CHAPPAQUA N.Y. – For days leading up to the holiday weekend, a small group of protesters has gathered outside of the home of President-elect Hillary Clinton waving signs in support of Christmas. “We’re tired of not being able to say ‘Merry Christmas,'” said Tim Unterberger, 47, who had driven in from Norwalk, Connecticut, when he heard about the action on Fox News.
All week, the President-elect has been hard at work on the transition process, announcing a music festival called Pantsuitstock to follow the Inauguration, details of her forthcoming budget proposal, and the creation of a new volunteer corps called Pantsuit Posse. As the sun rose on this Christmas Eve morning and the dozen or so protesters began arriving near the gates of the property, Clinton herself surprised them.
“Merry Christmas,” she said repeatedly as she made her way through the group, shaking hands while her Secret Service detail lingered nearby. “Who would like to go for some coffee and talk about this?”
All agreed, and the protesters and the President-elect made their separate ways to Chappaqua’s Mildred’s Coffee & Tea, where the incoming President bought coffee for the group and everyone took seats at a large round table toward the back of the casual dining room. “I’ve always done these listening tours,” Clinton told them. “When I was Secretary of State, when I ran for Senate, I just think the best way to get good policy is to really hear what’s on people’s minds.”
The group of protesters expressed concern about the so-called “War on Christmas,” and alleged that employers and governments were working to prevent their free exercise of religion. The President-elect asked, “Do any of you work in places where you’ll be penalized for wishing someone ‘Merry Christmas?'”
No one replied.
“Have any of you ever been harassed for saying ‘Merry Christmas?'” the President-elect asked them.
Janet Smith, 29, of Poughkeepsie, New York, raised her hand. “When I was in college, there was a girl who would get really mad about it.” Others in the group nodded their assent to this report of anti-Christmas sentiment.
“What was she mad about? Did you ever talk to her about it?” Clinton asked.
“She was a radical feminist, so we didn’t really talk much,” Smith allowed. “But she’d give everybody really bad looks this time of year.”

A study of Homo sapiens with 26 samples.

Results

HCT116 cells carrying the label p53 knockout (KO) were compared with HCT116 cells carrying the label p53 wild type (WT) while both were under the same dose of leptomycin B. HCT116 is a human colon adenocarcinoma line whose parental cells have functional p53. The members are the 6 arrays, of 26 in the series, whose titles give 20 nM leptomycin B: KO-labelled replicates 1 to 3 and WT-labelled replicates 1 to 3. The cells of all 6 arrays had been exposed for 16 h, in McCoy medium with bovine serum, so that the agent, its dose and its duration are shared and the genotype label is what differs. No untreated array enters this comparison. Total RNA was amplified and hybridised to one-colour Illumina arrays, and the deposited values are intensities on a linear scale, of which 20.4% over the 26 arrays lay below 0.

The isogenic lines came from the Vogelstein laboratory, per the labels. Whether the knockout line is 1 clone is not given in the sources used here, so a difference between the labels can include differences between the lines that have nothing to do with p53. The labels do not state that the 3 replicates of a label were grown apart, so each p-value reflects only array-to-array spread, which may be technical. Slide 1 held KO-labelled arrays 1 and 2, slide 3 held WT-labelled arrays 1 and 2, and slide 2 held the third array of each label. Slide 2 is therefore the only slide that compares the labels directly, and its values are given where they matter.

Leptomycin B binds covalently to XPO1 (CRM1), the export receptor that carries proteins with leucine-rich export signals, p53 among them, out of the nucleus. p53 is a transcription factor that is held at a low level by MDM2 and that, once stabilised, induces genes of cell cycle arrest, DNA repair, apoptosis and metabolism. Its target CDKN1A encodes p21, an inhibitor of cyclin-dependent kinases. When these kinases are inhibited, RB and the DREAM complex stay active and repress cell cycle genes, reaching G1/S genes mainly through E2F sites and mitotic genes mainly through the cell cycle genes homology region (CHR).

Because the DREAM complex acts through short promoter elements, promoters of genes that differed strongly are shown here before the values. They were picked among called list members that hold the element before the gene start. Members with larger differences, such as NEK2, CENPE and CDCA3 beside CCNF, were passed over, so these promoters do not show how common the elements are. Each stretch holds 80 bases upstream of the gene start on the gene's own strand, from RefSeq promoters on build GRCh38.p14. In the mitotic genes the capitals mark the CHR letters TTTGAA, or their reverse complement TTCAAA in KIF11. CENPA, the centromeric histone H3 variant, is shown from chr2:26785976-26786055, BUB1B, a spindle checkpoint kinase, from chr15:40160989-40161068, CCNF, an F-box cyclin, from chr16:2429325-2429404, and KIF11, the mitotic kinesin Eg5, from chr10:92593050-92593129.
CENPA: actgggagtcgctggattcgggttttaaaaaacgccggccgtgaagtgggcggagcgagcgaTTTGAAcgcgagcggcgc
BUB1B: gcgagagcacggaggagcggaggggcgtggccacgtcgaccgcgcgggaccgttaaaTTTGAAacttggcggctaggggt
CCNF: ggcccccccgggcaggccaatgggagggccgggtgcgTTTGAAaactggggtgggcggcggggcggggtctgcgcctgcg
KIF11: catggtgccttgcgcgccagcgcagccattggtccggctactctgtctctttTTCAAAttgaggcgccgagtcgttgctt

Clinton nodded, sipping her coffee, and then told the group, “As you probably know, I’m a Methodist, and this time of year is really special to me, especially now that I have grandkids to share it with. I’m so sorry for your friend’s reaction in college. When it comes to this ‘War on Christmas’ thing that comes up in the media every year, I just look around at all the wreaths and lights and trees, all the shoppers and all the families traveling long distances to be together and I just think – every year, I just think – ‘Well talking heads, it looks like Christmas wins again.'”
The impromptu meeting went on for another ten or fifteen minutes, while the future President asked protesters about their Christmas plans, their kids and grandchildren, and shared anecdotes about the dangers of bringing a new kitten into a home with a fully decorated Christmas tree. Mrs. Clinton famously rescued a kitten from a tree while on a walk earlier this week, and ‘Hot Sauce’ has, according to her stories, been terrorizing their Christmas decorations ever since.
Finally, Clinton made her farewells, noting that it was Christmas Eve, and with two young grandchildren, she and Bill Clinton had a lot to do to get ready before Chelsea Clinton and her family arrived at the house. “Merry Christmas,” she said to the group as she departed.
The protesters finished their coffee. None said they felt the matter was resolved, but none returned to their earlier positions outside of the Clinton’s home.